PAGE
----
It is common knowledge that the Hermes Birkin bag is as valuable as its weight in gold. However, this happens to be a huge understatement. The weight of the Birkin with no content is about two pounds; the equivalent weight in gold is about $37,500 today.
The most valuable handbag at an auction was sold for more than $370,000 at Christie’s auction in Hong Kong in June 2017. It was unsurprisingly a Hermes Birkin bag known as the Himalayan because of its albino-white crocodile fabric and diamond-encrusted palladium hardware which resembles the legendary mountain region.
Why is the Birkin so costly?
The bags are extremely rare. They are typically sold for $11,900 for the simple calfskin models and as high as $150,000 for the highly coveted alligator and crocodile trims. Production is very limited and there is no advertising for these bags.
A customer doesn’t just go to a Hermes boutique and request for a Birkin, not even when they have tens of thousands of dollars ready, because these bags are hardly in stock. A single master artisan handcrafts each bag and uses a serial number to indicate their work. In the days when waiting lists existed, they took as long as six years!
The Hermes Birkin is extremely rare today and it is almost impossible to buy one. The secondary market would be your best option, however, the prices are constantly increasing, which makes the Birkin bag one of the best investments you can possibly make. As a matter of fact, the Birkin has outvalued S&P 500 stocks and gold in the last 35 years, returning 14.2% annually, compared to 8.7% for stock and 1.5% for gold. And with Hermes recently eliminating the waitlist and further planning to reduce the already ultra-limited production, the prices are set to continue increasing.
You will likely come across Birkins with varying construction materials. The biggest factor in determining the value of a Birkin is the choice of leather. The following are the most common kinds of leather Hermes used to construct the Birkin:
Box Calf Leather: Box calf leather is extremely soft and smooth, usually the choice for constructing the Kelly. It is on the fragile side as the matte surface easily shows scratches and blemishes.
Ostrich Leather: Standing out among the other common leather options, ostrich leather with its large pores as soft touch is a famous model in the Birkin line. Ostrich Birkin joins box calf leather at the top of the Birkin price list and offers a classic and captivating look.
Clemence Leather: This is also a product of the calf, but is significantly different from Box Calf Leather. Clemence has a more grainy texture and has much more resistance to wear and tear, hence, it is an excellent option for everyday use.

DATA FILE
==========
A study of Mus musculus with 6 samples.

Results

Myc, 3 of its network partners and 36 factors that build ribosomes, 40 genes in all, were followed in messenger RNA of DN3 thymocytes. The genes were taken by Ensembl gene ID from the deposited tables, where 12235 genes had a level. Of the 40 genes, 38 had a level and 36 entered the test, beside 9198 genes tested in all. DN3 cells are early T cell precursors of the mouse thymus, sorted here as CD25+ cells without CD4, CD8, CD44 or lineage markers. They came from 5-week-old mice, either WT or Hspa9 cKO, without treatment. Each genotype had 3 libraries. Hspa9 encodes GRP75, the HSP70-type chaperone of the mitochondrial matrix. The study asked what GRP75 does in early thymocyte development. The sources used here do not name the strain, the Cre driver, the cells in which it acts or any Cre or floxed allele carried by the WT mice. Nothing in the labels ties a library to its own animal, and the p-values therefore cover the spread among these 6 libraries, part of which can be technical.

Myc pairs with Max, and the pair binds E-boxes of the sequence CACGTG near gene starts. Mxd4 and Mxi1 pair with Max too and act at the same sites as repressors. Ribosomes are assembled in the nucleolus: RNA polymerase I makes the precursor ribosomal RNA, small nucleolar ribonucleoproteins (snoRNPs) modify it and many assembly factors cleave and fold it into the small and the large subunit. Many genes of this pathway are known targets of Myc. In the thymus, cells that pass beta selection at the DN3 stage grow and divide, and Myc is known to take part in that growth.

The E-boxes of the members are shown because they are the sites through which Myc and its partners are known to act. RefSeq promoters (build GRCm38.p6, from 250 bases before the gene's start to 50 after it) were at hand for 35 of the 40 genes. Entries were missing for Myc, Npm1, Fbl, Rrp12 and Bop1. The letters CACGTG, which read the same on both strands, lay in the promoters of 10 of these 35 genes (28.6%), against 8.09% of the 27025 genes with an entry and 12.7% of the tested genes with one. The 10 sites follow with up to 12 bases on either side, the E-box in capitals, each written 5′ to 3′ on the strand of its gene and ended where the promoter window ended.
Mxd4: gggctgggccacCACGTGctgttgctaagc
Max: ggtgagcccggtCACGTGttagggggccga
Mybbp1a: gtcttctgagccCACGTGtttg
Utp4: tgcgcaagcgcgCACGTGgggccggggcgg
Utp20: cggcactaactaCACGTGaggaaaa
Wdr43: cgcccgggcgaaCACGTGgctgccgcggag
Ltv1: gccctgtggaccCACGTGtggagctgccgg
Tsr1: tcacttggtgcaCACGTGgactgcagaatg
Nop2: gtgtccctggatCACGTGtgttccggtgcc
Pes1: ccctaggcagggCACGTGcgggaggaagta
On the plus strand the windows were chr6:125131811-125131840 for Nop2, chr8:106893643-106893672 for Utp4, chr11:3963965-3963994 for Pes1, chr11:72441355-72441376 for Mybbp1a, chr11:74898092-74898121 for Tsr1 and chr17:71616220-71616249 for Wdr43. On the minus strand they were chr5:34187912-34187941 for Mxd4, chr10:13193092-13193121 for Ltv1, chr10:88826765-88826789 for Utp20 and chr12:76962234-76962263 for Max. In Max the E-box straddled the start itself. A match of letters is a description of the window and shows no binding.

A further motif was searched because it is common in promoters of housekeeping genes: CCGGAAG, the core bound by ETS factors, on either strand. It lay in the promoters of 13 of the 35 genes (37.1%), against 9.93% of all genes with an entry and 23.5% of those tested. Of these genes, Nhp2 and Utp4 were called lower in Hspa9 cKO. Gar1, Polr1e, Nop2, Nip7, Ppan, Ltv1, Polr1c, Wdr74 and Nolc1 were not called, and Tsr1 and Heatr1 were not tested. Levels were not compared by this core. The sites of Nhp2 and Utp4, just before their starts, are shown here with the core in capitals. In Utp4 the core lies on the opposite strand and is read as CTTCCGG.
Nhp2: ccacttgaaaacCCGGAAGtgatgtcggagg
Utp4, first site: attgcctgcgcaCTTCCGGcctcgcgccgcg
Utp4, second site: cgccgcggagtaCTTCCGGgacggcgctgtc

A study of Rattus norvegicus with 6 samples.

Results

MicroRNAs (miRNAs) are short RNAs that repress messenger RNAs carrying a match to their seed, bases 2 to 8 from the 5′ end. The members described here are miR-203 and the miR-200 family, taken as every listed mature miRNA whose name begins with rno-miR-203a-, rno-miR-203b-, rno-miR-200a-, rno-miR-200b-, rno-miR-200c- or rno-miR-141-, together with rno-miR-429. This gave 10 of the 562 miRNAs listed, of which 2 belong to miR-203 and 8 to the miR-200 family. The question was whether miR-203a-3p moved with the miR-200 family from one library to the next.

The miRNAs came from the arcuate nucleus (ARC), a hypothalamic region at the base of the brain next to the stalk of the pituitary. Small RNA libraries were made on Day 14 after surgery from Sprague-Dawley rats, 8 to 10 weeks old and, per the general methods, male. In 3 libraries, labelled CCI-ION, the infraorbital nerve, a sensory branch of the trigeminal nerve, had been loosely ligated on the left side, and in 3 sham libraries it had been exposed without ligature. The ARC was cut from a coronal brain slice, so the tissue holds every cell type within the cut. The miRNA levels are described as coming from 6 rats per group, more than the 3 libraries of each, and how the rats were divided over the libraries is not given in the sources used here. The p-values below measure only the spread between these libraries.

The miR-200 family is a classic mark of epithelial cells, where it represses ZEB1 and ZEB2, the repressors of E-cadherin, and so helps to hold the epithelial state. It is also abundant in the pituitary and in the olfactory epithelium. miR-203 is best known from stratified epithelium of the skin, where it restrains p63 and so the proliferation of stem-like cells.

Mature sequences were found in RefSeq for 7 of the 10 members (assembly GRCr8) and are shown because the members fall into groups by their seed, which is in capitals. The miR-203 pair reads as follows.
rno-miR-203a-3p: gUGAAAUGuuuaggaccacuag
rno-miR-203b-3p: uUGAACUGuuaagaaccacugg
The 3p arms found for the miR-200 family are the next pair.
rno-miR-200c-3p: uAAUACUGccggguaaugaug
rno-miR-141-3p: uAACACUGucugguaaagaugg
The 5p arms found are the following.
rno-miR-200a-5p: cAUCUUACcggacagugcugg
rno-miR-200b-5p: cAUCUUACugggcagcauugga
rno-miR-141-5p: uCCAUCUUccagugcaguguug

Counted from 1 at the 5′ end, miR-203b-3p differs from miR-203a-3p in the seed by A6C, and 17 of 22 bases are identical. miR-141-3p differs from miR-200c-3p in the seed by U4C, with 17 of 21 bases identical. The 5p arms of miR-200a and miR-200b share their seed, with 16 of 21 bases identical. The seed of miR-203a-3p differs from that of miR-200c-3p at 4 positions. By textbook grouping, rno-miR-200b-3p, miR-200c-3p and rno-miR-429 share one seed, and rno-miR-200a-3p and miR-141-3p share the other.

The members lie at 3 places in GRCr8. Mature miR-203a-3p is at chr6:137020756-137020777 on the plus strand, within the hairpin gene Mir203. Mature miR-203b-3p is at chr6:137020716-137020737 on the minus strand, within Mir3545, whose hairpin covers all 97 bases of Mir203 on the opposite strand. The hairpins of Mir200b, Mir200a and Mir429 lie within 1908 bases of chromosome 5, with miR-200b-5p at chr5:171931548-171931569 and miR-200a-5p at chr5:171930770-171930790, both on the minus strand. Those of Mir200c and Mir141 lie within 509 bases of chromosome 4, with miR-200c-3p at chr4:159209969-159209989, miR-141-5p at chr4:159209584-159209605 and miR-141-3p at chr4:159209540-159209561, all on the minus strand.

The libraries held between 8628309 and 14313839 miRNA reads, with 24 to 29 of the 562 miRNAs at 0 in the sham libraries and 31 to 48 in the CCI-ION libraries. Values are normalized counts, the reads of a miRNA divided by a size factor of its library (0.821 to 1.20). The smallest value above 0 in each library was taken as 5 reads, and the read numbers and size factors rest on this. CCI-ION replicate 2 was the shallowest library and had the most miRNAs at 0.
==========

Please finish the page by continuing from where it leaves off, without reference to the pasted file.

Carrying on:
Epsom Leather: Epsom has many similarities with Clemence, but has finer grains and is even more resistant to scratches. Maintaining Epsom Birkins is easy and they offer a great balance between aesthetics and functionality.
Togo Leather: Togo leather is also a product of the calf, but compared to Epsom and Clemence, the grains of Togo leather is softer and larger. It also has reasonable resistance to scratches, but it requires proper maintenance due to its softness.
The most coveted Birkin bags are the ones made out of the leather of top predators such as the crocodile and alligator. This also leads to the greatest confusion about Birkin bags, as it is common for people to mistake the crocodile for the alligator, and vice versa. However, there are identification features and notable differences that distinguish crocodile Birkins from their alligator counterparts.
Firstly, the habitat of alligators is freshwater while that of crocodiles is saltwater. Also, the skin of crocodiles has small pores close to the bottom of the scales; these pores are not present on alligators. Crocodiles are usually bigger than alligators, hence, they have bigger individual scales and are better for use in making bigger bags, such as 40 cm and 35 cm Birkins. Having more symmetrical and smaller scales, Alligator leather is often used for Kelly bags and small 30 cm Birkin bags.
Two major kinds of crocodile leather are used in producing the Birkin: Porosus crocodile (obtained from Australia and Asia) and Niloticus crocodile (obtained from the Nile River Valley). Hermes uses alligators from the Mississippi River Valley. It is extremely difficult to find crocodile Birkins in the primary market, and they are usually only sold to customers who spend at least six figures in the Hermes store.
In addition, the aesthetics and symmetry of the skin and scales also determine the desirability and price of Crocodile and Alligator Birkins. Therefore, every bag is unique from other bags made with the same kind of leather. Among the three types of leather, the rarest, most desirable, and most expensive is the Porosus crocodile.
Alligator Mississippiensis: Alligator Birkins can easily be recognized from the square markings beside the Hermes logo. Hermes easily obtains alligators compared to crocodiles so the crocodile bags are much rarer, however, Alligator Birkins are still on the high end in terms of price and desirability.